Hallucinogenic drug could be harnessed to treat autism, major study reveals
A drug traditionally known for its hallucinogenic properties could be used to treat autism and other mental health disorders, a major study has revealed.
The research, published by the McGill University in Canada, is among the first to explore the therapeutic use of Lysergic Acid Diethylamide – also known as LSD – to treat neurodivergent conditions.
People with autism spectrum disorder (ASD) typically struggle with social interactions and experience delays in acquiring verbal communication skills. They may also have the inability to read non-verbal communication cues.
But the same mechanisms that contribute to the mind-altering effect experienced when taking the drug could be used to produce a new therapeutic treatment to increase sociability.
The report says the findings could also help “unlock” potential therapeutic applications in treating certain psychiatric diseases, such as anxiety and alcohol use disorders.
To carry out the study, the researchers administered very low levels of LSD to mice over a period of seven days, resulting in an “observable increase in sociability”.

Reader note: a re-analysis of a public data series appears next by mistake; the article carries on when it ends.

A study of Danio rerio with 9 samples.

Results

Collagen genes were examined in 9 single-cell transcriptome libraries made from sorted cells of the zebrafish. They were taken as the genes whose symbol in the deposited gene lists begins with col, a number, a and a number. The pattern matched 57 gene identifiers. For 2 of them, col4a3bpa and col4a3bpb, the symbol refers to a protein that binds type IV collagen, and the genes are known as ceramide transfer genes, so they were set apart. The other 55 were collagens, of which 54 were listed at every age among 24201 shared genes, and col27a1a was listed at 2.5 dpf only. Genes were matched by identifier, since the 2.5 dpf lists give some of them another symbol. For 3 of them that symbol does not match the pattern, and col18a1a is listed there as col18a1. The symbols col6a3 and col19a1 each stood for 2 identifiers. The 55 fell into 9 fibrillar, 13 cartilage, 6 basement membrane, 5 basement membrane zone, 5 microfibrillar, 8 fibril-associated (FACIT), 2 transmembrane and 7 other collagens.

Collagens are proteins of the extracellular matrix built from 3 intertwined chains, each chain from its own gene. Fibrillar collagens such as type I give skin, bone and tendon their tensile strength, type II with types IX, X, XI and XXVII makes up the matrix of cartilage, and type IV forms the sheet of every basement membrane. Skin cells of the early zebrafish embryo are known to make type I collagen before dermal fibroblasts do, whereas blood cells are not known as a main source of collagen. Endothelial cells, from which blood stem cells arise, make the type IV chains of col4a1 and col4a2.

The scientists suggest, with some confidence, that the effects could be replicated in humans to increase empathy and social behaviour.
The research was also able to identify the “underlying mechanism” for the behavioural effect that “results in LSD increasing feelings of empathy”, including a “greater connection to the world and sense of being part of a large community”.
Commenting on the study, co-lead author Dr Gabriella Gobbi said: “Social interaction is a fundamental characteristic of human behaviour.
“These hallucinogenic compounds, which, at low doses, are able to increase sociability may help to better understand the pharmacology and neurobiology of social behaviour and, ultimately, to develop and discover novel and safer drugs for mental disorders.”
The paper has been published in the peer-reviewed journal, the Proceedings of the National Academy of Sciences (PNAS).